I was at a restaurant the other night and asked the server to turn the music down. She seemed irritated. She launched into a long speech about how the owners like the music loud to create “ambiance.” In the end she did turn it down a notch (or so she claimed, I couldn’t really tell the difference). She acted like she’d done us a huge favor. Were we rude to make this request?
Dear Ringing Ears,
As well as drowning out conversation, overly loud music can make you feel like you’re being manipulated. You’ve probably heard that loud music makes people eat faster and drink more. A recent UK study found that loud music can actually make alcohol taste sweeter.
But annoying as the volume may be to you, it’s likely that the restaurateur has carefully considered what music to play and how loud to play it. Some restaurants purchase programs from companies like Muzak or Audiostiles, but others craft playlists that are the musical equivalent of house-made charcuterie or pickles. Some restaurants even tailor their playlists to the time of day or day of the week. Colin Camac, service director for New York’s Fatty Crab (which has three locations), says the restaurants tend to have four playlists: “Early Evening, Mid–Dinner Rush, Late-Night, and Saturday-Crazy.” If the room seems to lack ambiance, staff might switch between playlists, trying to find the right tune for the moment. So asking a server to change the music in any way is tantamount to asking her to bring you a different menu or get rid of the unisex bathroom: The music is part of the whole restaurant package, and if you don’t like it, you should probably turn around as soon as you walk in the door.
But you can always ask for the music to be turned down. It’s not a rude request, and if it’s a slow night your wish may even be granted. But be prepared for the answer to be no. Fatty Crab’s Upper West Side location is known for being particularly noisy, yet Camac says he would simply tell the diner: “I’m really sorry, but people come here for this type of experience.”
It Might Not Be the Music
It’s worth noting that if you’re having trouble hearing your companions, the volume of the music might not be the problem. Echoes may be the real cause of your irritation, and there’s not much the server can do about them, since they are essentially caused by the décor. Soft surfaces of course absorb sound, but when there are multiple hard surfaces, a single sound can bounce off one surface after another, causing multiple echoes. Unfortunately, hard surfaces have been in vogue for the last decade or so. Kellen Beaver, a sales consultant at soundproofing company SoundproofCow.com, explains: “For about 10 years, it’s been concrete slabs instead of hardwood tables, tile floors instead of wooden ones.”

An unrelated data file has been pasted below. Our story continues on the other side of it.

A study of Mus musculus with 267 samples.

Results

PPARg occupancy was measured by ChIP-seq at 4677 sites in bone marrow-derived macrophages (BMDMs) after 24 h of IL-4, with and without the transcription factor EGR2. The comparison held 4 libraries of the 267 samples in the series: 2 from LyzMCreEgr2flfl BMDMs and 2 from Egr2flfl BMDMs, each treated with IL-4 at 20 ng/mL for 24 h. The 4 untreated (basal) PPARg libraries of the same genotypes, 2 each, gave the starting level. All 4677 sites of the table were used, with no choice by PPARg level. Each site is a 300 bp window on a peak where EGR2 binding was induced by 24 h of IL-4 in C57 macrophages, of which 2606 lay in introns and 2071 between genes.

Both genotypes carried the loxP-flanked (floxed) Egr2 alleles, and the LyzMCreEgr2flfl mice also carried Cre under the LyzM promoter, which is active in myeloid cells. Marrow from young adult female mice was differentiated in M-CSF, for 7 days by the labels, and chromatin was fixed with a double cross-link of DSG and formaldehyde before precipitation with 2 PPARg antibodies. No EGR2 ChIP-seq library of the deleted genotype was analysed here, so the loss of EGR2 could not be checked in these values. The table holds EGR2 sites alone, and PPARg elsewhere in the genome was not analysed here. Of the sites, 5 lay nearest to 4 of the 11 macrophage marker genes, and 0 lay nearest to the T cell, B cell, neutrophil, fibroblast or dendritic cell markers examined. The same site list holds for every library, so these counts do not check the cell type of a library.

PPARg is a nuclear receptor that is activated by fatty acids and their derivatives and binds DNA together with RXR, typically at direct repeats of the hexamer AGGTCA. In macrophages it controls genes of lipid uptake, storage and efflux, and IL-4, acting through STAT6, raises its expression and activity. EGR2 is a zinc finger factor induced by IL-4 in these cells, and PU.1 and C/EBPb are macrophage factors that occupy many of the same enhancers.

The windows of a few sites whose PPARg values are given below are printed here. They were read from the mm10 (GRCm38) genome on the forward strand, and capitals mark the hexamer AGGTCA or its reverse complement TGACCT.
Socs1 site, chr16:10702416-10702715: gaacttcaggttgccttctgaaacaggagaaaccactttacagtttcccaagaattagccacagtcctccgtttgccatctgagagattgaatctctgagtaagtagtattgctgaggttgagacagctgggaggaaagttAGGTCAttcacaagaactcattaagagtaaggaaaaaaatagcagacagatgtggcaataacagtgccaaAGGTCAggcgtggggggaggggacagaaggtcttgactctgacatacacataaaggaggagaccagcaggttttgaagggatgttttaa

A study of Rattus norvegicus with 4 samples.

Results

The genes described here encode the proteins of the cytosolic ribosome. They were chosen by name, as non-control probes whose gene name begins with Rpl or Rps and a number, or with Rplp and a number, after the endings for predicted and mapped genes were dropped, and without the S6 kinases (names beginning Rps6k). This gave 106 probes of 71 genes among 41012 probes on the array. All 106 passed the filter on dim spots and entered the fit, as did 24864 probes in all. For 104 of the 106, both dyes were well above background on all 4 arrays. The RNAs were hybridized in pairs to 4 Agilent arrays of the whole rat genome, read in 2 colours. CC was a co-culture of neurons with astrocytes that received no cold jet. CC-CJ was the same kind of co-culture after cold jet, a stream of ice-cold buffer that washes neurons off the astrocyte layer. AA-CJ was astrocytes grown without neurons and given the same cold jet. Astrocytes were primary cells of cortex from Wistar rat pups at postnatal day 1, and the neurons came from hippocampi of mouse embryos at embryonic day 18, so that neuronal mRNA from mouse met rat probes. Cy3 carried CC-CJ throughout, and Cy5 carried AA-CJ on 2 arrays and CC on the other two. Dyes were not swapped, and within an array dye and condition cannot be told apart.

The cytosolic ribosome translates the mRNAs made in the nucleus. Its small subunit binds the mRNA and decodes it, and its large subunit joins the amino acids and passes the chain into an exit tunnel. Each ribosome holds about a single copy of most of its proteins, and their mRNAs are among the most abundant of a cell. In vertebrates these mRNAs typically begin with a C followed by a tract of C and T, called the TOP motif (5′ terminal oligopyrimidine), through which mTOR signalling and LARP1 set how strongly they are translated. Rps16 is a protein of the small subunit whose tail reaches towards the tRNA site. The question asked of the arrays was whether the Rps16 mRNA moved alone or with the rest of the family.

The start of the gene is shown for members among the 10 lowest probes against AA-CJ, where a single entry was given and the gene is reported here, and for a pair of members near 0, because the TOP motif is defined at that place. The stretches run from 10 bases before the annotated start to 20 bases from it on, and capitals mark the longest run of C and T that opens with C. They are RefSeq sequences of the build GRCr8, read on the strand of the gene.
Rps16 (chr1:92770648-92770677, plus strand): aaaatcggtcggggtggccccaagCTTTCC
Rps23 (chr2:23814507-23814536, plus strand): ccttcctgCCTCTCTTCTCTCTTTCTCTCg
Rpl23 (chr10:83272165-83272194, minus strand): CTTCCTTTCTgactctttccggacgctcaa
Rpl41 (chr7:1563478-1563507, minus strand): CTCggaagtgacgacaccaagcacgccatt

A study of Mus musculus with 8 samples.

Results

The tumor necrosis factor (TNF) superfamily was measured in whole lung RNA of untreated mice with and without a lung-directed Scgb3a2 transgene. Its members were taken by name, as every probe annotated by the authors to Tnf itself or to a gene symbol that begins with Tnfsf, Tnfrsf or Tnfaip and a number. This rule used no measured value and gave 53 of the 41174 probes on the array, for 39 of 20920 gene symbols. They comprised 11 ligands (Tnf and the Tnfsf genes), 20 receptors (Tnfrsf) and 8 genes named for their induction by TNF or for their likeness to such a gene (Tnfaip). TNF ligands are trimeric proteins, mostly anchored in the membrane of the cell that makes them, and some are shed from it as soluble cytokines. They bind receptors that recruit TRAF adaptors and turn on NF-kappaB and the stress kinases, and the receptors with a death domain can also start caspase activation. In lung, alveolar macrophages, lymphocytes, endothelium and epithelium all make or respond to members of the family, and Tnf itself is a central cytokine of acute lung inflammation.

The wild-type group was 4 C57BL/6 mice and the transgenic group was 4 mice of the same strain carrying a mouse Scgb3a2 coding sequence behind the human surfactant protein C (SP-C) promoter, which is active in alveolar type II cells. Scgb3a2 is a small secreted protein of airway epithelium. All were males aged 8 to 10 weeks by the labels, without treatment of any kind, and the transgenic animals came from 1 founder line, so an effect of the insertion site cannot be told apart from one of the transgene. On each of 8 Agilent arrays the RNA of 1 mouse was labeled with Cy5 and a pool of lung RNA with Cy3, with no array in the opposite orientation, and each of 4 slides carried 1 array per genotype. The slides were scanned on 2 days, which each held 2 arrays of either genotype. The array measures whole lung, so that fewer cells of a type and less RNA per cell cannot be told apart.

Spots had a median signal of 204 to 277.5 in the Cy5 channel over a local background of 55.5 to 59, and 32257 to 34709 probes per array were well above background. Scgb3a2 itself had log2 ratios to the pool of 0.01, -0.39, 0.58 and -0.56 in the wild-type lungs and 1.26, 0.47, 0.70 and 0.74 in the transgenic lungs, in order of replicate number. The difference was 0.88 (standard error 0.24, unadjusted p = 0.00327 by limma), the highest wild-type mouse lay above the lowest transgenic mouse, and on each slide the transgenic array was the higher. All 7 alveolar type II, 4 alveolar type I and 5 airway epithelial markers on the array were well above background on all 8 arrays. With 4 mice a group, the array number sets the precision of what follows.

Echoes compromise conversation even more than high volume. Why? According to Anthony Grimani, president of PMI, an acoustical firm, the part of the brain that distinguishes between sounds and echoes developed in prehistory. We evolved with this skill in order to defend ourselves from predators. “Imagine if a predator is after you, sound is bouncing off the cave walls, and you have to figure out exactly where it is,” says Grimani.
When we hear a loud sound, our brains identify it (“loud electronica,” for example) and then can choose to ignore it. But according to Grimani, we can’t switch off the “ancient ear-brain system” that sorts out sounds and echoes. So if echoes are the source of your auditory discomfort, turning the music down won’t help as much as you think. Next time you go out to dinner, consider picking a place with carpeted floors, even if it has loud music. The place with exposed-brick walls and poured-concrete tabletops might look good, but you’ll have to work twice as hard at conversation.